To reach the bottom of all five oceans, this Texas businessman commissioned “the most significant vehicle since Apollo 11.”
A state-by-state breakdown of policies that could change your community.
We spent twenty-four hours on a Greenpeace boat in the Gulf of Mexico looking for oil and dispersant among marine life. On the six-month anniversary of the leak, we report back
Science of the Union.
Microbes that eat and breathe electricity have forced scientists to reimagine how life works—on this planet and others
Around the world, scientists are risking their lives to retrieve seeds destined for a massive vault near the North Pole. Their work just might save mankind
Your cellphone does not in itself cause cancer. But in the daily sea of radiation we all travel, there may be subtler dangers at work, and science is only just beginning to understand how they can come to affect people like Per Segerbäck so intensely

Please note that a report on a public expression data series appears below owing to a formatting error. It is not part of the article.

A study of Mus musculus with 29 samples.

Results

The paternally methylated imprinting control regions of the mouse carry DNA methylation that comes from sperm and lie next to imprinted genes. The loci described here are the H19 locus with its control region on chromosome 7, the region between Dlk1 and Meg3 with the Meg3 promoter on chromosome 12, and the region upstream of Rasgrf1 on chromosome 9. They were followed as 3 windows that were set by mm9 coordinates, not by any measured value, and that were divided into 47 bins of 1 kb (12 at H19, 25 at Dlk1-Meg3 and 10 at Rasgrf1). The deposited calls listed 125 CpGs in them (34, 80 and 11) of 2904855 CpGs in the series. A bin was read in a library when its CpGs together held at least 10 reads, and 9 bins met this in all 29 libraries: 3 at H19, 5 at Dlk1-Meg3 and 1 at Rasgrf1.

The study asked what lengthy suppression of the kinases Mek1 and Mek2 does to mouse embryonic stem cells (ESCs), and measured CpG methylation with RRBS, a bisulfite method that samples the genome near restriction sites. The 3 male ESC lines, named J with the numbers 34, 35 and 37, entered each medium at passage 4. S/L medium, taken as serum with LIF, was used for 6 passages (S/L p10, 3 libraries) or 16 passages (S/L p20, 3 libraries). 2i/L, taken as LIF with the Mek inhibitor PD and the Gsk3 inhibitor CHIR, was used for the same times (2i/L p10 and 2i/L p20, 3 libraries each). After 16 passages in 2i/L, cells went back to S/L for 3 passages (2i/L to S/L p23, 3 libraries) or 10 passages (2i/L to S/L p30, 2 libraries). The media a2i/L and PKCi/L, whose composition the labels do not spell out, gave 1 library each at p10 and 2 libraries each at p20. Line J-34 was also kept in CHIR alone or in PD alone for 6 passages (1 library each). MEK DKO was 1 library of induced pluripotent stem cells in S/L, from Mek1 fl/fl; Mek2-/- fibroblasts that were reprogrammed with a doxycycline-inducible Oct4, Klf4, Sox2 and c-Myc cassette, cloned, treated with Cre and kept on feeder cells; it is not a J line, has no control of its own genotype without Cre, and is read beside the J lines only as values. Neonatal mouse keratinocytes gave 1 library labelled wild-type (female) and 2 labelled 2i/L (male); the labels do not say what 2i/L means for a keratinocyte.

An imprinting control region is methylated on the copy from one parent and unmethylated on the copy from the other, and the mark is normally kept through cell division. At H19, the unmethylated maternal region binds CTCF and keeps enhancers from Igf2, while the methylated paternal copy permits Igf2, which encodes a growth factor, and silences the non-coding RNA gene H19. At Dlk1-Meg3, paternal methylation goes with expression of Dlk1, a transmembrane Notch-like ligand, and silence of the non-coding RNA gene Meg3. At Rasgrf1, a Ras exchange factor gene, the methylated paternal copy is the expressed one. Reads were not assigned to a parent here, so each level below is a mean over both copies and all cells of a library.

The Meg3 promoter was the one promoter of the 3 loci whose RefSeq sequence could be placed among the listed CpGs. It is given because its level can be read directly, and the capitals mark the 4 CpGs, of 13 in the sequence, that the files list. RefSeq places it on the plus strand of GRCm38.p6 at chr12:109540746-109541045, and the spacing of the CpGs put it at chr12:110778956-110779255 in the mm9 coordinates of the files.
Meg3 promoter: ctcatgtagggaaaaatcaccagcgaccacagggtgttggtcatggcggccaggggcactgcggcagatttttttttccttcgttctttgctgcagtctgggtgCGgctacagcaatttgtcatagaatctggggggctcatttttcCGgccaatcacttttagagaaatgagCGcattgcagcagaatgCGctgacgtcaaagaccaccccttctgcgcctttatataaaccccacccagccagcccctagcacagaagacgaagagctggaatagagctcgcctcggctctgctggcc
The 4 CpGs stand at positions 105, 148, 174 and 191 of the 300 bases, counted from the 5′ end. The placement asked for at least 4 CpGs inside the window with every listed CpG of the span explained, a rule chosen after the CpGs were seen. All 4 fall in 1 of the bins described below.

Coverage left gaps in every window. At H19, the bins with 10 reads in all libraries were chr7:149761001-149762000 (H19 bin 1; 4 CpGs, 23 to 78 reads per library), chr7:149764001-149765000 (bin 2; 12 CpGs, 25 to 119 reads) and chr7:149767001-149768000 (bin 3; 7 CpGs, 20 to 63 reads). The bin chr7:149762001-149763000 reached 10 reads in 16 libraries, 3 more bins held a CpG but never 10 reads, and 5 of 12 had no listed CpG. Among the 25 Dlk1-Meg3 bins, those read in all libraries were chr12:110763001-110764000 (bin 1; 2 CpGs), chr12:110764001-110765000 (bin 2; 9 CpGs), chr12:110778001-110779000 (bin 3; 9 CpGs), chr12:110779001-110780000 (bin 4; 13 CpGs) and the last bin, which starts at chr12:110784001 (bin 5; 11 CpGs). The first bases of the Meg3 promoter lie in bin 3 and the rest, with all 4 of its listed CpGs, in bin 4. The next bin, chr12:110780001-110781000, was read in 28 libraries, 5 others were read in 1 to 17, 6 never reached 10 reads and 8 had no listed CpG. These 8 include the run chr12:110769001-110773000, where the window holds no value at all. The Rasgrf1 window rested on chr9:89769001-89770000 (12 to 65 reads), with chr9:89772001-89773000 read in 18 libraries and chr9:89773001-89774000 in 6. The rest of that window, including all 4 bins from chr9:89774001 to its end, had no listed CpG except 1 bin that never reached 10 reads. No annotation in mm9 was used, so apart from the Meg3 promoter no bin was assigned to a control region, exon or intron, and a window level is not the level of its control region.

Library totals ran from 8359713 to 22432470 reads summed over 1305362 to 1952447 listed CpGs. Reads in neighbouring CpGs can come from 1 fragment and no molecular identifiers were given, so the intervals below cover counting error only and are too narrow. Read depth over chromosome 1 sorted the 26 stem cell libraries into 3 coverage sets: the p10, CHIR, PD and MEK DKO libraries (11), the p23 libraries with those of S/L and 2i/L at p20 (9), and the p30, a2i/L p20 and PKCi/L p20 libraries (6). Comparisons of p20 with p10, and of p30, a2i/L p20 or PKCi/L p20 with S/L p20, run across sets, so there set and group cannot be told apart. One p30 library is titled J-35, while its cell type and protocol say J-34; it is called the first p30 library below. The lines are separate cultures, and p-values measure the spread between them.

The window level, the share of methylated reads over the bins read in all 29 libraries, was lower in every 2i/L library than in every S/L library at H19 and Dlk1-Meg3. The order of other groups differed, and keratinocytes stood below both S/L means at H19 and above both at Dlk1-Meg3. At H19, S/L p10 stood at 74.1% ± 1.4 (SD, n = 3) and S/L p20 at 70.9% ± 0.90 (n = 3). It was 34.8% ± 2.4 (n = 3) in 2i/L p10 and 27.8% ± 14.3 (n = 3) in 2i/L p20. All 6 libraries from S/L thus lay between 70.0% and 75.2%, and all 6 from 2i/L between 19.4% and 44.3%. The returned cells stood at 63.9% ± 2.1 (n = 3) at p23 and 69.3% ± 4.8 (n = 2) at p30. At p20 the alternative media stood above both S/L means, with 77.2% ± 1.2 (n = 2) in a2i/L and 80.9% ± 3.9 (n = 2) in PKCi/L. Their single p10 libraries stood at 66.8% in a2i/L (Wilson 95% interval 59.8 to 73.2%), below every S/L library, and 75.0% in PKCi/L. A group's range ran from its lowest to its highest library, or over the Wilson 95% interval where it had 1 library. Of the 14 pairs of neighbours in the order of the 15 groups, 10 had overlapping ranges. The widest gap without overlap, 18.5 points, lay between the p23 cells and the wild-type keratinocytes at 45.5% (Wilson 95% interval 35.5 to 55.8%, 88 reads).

"IT" organisms may make up more than half of life on Earth
Stories from the coolest day jobs in the world.
Glow coral, glow.
We go remote-control deep-sea fishing with the Monterey Bay Aquarium.
Geologists are analyzing ancient clues to tell our origin story.
Can a crew of scientists and volunteers armed with homemade trackers save sharks from extinction?
These down-and-dirty labors are hard, dangerous, and outright gross—and people love them anyway
Once more unto the beach
Research on pig carcasses and a new body farm in Florida might offer some clues
The first color photo of Pluto, a warm-blooded fish, and much more
“As long as I'm breathing,” Sylvia Earle says, “I'll be diving.”
For over two centuries we have struggled to understand the scope of Afghanistan's mineral wealth. Now geologists, if they can determine what lies beneath the nation's ground, might also help bring stability to the surface
At the bottom of the sea, Colin Devey studies how our continents move away (and toward) each other.